Waikoloa in Hawaii County, Hawaii — Hawaiian Island Archipelago (Pacific Ocean)
(1797 - 1824)
Erected by Waikoloa Village.
Location. 19° 55.023′ N, 155° 52.985′ W. Marker is in Waikoloa, Hawaii, in Hawaii County. Marker can be reached from Waikoloa Beach Drive near Ku'uali'i Place, on the right when traveling north. Touch for map. Marker is at or near this postal address: 250 Waikoloa Beach Drive, Waikoloa HI 96738, United States of America.
Other nearby markers. At least 8 other markers are within 9 miles of this marker, measured as the crow flies. Kamehameha I (here, next to this marker); Kamehameha IV (here, next to this marker); Kamehameha V (here, next to this marker); Kamehameha III (a few steps from this marker); William Charles Lunalilo (a few steps from this marker); The Waikoloa Petroglyph Field (approx. ¼ mile away); Puakō Petroglyph Archaeological District Pu'ukohola Heiau National Historic Site (approx. 8.5 miles away). Touch for a list and map of all markers in Waikoloa.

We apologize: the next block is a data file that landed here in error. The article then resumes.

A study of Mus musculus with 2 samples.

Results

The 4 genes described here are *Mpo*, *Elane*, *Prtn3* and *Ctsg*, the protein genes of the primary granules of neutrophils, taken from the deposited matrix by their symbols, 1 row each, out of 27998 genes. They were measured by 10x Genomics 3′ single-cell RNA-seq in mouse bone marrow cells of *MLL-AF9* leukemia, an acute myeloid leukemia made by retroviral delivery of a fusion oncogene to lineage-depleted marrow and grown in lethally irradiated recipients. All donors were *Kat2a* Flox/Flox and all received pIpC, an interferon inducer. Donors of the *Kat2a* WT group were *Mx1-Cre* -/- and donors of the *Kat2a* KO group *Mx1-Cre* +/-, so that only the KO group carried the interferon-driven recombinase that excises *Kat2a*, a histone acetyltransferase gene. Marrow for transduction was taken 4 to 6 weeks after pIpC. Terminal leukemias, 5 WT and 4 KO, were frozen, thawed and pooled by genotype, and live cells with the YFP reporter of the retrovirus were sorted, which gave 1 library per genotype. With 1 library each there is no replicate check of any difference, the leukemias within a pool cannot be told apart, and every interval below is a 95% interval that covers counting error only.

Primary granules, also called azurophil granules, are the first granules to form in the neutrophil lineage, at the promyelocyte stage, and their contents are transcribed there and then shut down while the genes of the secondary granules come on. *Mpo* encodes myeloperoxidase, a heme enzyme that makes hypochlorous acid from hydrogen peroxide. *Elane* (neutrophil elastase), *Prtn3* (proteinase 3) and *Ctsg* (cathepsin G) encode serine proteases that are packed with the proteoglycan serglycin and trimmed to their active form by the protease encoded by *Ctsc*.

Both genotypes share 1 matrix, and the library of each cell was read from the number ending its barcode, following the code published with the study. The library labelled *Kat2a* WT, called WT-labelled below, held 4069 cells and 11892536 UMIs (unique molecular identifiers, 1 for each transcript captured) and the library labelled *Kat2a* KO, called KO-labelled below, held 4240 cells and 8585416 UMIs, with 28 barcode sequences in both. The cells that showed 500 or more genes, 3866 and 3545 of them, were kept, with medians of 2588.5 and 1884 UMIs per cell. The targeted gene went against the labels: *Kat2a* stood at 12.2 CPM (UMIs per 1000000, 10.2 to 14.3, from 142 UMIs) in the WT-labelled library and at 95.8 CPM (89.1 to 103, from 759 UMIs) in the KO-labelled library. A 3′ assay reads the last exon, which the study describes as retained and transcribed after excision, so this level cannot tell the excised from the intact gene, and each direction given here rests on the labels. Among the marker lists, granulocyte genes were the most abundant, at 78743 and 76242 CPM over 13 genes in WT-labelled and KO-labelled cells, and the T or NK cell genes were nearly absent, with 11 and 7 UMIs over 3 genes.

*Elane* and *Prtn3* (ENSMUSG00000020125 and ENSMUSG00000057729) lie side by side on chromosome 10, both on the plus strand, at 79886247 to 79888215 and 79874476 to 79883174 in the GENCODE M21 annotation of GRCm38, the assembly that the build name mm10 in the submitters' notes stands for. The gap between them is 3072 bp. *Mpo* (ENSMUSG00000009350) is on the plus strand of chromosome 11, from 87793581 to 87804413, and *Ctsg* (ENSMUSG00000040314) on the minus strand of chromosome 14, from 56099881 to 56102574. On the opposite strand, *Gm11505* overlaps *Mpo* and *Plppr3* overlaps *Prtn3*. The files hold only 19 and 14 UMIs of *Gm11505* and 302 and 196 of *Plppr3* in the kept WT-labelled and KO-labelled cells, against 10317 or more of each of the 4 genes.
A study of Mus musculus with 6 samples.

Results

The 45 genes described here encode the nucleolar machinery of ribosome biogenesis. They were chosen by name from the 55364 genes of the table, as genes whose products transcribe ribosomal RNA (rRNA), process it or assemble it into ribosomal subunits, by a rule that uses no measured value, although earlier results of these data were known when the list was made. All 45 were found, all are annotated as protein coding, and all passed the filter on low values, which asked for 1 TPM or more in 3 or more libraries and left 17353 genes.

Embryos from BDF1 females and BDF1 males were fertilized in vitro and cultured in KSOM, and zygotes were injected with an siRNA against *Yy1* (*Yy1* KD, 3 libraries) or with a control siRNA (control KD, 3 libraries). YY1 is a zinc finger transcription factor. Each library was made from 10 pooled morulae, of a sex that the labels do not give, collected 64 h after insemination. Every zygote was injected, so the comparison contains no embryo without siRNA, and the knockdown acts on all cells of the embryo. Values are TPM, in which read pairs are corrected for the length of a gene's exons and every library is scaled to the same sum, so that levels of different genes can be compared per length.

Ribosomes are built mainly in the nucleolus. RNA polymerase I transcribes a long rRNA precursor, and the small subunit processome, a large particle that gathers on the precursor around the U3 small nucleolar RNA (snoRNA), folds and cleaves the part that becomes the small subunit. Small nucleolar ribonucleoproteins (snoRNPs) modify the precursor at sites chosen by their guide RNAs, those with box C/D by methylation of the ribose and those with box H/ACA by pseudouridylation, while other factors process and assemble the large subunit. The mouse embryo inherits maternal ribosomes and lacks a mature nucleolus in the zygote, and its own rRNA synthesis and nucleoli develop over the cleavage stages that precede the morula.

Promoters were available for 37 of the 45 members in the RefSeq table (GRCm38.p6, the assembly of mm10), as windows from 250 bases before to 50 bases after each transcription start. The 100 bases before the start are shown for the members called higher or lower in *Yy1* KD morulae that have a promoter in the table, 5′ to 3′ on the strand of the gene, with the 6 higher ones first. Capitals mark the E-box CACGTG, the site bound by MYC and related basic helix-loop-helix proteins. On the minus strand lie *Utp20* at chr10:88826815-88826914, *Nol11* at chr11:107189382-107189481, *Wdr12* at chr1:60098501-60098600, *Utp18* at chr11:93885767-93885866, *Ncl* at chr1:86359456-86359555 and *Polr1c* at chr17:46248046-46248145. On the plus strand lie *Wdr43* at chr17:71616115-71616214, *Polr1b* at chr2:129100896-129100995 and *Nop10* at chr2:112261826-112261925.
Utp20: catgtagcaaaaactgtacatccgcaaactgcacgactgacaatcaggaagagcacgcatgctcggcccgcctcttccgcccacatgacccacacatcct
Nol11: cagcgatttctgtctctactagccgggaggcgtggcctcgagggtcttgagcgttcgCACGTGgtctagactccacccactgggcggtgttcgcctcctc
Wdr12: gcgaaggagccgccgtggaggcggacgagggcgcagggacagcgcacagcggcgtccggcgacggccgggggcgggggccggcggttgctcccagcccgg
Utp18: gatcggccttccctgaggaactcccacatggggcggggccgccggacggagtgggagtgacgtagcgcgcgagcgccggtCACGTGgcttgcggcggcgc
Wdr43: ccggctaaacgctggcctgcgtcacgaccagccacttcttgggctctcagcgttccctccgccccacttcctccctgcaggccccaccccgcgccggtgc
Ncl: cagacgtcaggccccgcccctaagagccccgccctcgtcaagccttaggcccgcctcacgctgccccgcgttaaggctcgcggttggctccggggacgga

More about this marker. This is one of six markers honoring the kings of Hawai'i located near Macy's in the King's Shops at Waikoloa Village.
Also see . . . Kamehameha II: Liholiho and the Impact of Change -- Hawaiian Electronic Library. The kapu, rules regarding what was forbidden or sacred, made up a complex system regulating what Hawaiians could and could not do... Kapu was most burdensome in its effect upon the makaʻāinana and upon all women, even aliʻi women. One of the kapu best remembered now is the ʻai kapu which forbade men and women from eating together. Women were also forbidden to eat certain foods including pork, most varieties of bananas, coconuts and certain kinds of fish, particularly shark. (Submitted on October 13, 2017, by Barry Swackhamer of San Jose, California.)
Categories. • Native Americans • Notable Persons •
Credits. This page was last revised on October 13, 2017. This page originally submitted on October 13, 2017, by Barry Swackhamer of San Jose, California. This page has been viewed 63 times since then. Photos: 1, 2, 3. submitted on October 13, 2017, by Barry Swackhamer of San Jose, California.